IRS Code Section 101(j) requires employer owned life insurance contracts to have a signed Notice and Consent and annually file of Form 8925 in order to qualify for exceptions to the general rule under this code section. Lack of compliance could significantly impact the tax consequences of the life insurance proceeds from these contracts.
Internal Revenue Code Section 101(j) created new Notice and Consent requirements that must be met before a policy is issued and requires annual filing of Form 8925 in order to qualify for any exceptions to the general rules under this code section as well as code section 6039I. The Company who owns the life insurance contracts must file Form 8925 on or before the due date of its next income tax return once the policy is “issued” and have a signed notice of consent prior to issuing the policy in order to qualify for any exceptions under 101(j)(2). Failure to comply with these provisions may mean that part of the death benefit may be taxed as ordinary income.
The law defines “employer-owned life insurance” broadly.
It includes any policy if:
• The owner engages in a trade or business, and
• The owner (or a related party) is a beneficiary (direct or indirect), and
• The insured is an employee at the time of policy issue, and
• The insured is a U.S. citizen or resident.
The form deals only with the Notice and Consent requirement. Both the Notice and Consent and at least one of the four safe harbors specified in the new law must be in place to keep the death benefit income tax free:
Safe Harbor 1: Key Person
The insured is a key person at policy issue. This safe harbor (unlike the others) provides certainly at the time the policy is issued that the death benefit will continue to be income tax free. The employer must keep good records. Possibly many years from now, when the employee dies, the employer may have to prove that the employee satisfied the key person rules when the policy was issued.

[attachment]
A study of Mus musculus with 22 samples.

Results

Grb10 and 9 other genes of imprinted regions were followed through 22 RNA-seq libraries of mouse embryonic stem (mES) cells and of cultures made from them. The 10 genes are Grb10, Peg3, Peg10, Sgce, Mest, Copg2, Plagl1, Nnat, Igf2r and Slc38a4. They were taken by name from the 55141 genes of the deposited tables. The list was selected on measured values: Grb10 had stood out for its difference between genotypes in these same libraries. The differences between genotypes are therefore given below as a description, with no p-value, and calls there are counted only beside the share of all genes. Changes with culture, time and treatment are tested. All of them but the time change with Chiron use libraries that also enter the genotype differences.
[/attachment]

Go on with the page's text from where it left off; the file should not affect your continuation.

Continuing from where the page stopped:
A key person for these purposes is someone who, at policy issue:
• Was a director of the employer.
• Was a 5% or greater owner in the year before policy issue.
• Received compensation of $95,000 or more (adjusted for inflation).
• Was one of the five highest paid officers.
• Was among the 35% highest paid employees.
You cannot know if the remaining safe harbors are available until the employee dies. Until then, the employer won’t know for sure if the death benefit is taxable or not taxable.
Safe Harbor 2: Current Employee
The insured was an employee any time in the 12-month period before death.
Safe Harbor 3: Death Benefit Paid to the Insured’s Heirs
• A member of the insured’s family (spouse, parents and grandparents,
children and grandchildren, brothers and sisters).
• An individual the insured named (other than the employer).
• A trust set up for anyone in those first two groups of people.
• The insured’s estate.
Although this may avoid income tax on the death benefit, it does create a split dollar arrangement. If the employer owns the policy and the person named as beneficiary is any of these people, the arrangement is, by definition, split dollar. The employee will be taxed on the economic benefit provided by the policy.
Safe Harbor 4: Buy-Sell Funds
Death benefits remain income tax free if used to buy the insured’s interest in the employer (equity, capital or profits) from someone listed in Safe Harbor 3.
Form 8925 must be filed with a taxpayers regular annual income taxes.